Petition Closed
Petitioning U.S. House of Representatives and 2 others

Ratify the United Nations Convention on the Rights of the Child (UNICEF)

Urge the United States House of Representatives, The United States Senate, and President Obama to ratify the United Nations Convention on the Rights of the Child(UNICEF).

The Convention on the Rights of the Child is the first legally binding international instrument to incorporate the full range of human rights -- civil, cultural, economic, political, and social. It sets forth basic standards which individual nations agree to pursue on behalf of children. With 193 nations having ratified it, the Convention is the most widely adopted human rights treaty in history. The United States is the only nation that has not ratified the Convention, other than the failed state of Somalia.

The United States ratification of the Convention would promote a more supportive social and legislative environment for children, and would represent an important step forward in making children a high national priority for the United States. Ratification would also improve the plight of children overseas by giving the United States the opportunity to participate in the international body that monitors the Convention, thereby enabling our voice to be heard on this important issue.

Please call and/or write you U.S. Representatives and Senators and President Obama and tell them to support and pass the United States ratification of UNICEF.

Also please sign the online petition below.

Letter to
U.S. House of Representatives
U.S. Senate
President of the United States
I am writing to express my strong support for U.S. ratification of the Convention on the Rights of the Child. I urge you to give the treaty your full support when it comes before the Senate and the House.

The Convention on the Rights of the Child is the first legally binding international instrument to incorporate the full range of human rights -- civil, cultural, economic, political, and social. It sets forth basic standards which individual nations agree to pursue on behalf of children, including freedom from violence, abuse, hazardous employment, slavery, abduction, sale or any other form of exploitation; equal treatment regardless of gender, race, or cultural background; adequate nutrition; free and compulsory primary education; adequate health care; the right to express opinions and freedom of thought in matters affecting themselves and other children; and safe exposure and access to leisure, play, culture, and art.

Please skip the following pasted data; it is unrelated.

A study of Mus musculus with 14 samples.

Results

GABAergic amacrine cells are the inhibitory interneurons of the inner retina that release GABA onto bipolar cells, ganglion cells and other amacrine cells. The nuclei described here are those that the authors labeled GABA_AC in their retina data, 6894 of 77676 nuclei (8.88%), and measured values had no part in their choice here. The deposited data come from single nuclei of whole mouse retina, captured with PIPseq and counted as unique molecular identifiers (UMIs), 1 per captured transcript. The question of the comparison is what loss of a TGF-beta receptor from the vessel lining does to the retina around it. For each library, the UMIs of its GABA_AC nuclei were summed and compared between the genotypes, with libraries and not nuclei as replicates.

With 193 nations having ratified it, the Convention is the most widely adopted human rights treaty in history. The United States is the only nation that has not ratified the Convention, other than the failed state of Somalia. The Convention's provisions are consistent with the principles contained in the U.S. Bill of Rights. U.S. delegates participated in drafting the Convention and played a pivotal role to incorporate provisions regarding a child's right to freedom of thought, speech, association, religion and privacy.

U.S. ratification of the Convention would promote a more supportive social and legislative environment for children, and would represent an important step forward in making children a high national priority for the United States. Ratification would also improve the plight of children overseas by giving the United States the opportunity to participate in the international body that monitors the Convention, thereby enabling our voice to be heard on this important issue.

I hope that you agree that the United States should be a leader in advancing human rights and child protection. Accordingly, I urge you to support U.S. ratification of the Convention on the Rights of the Child.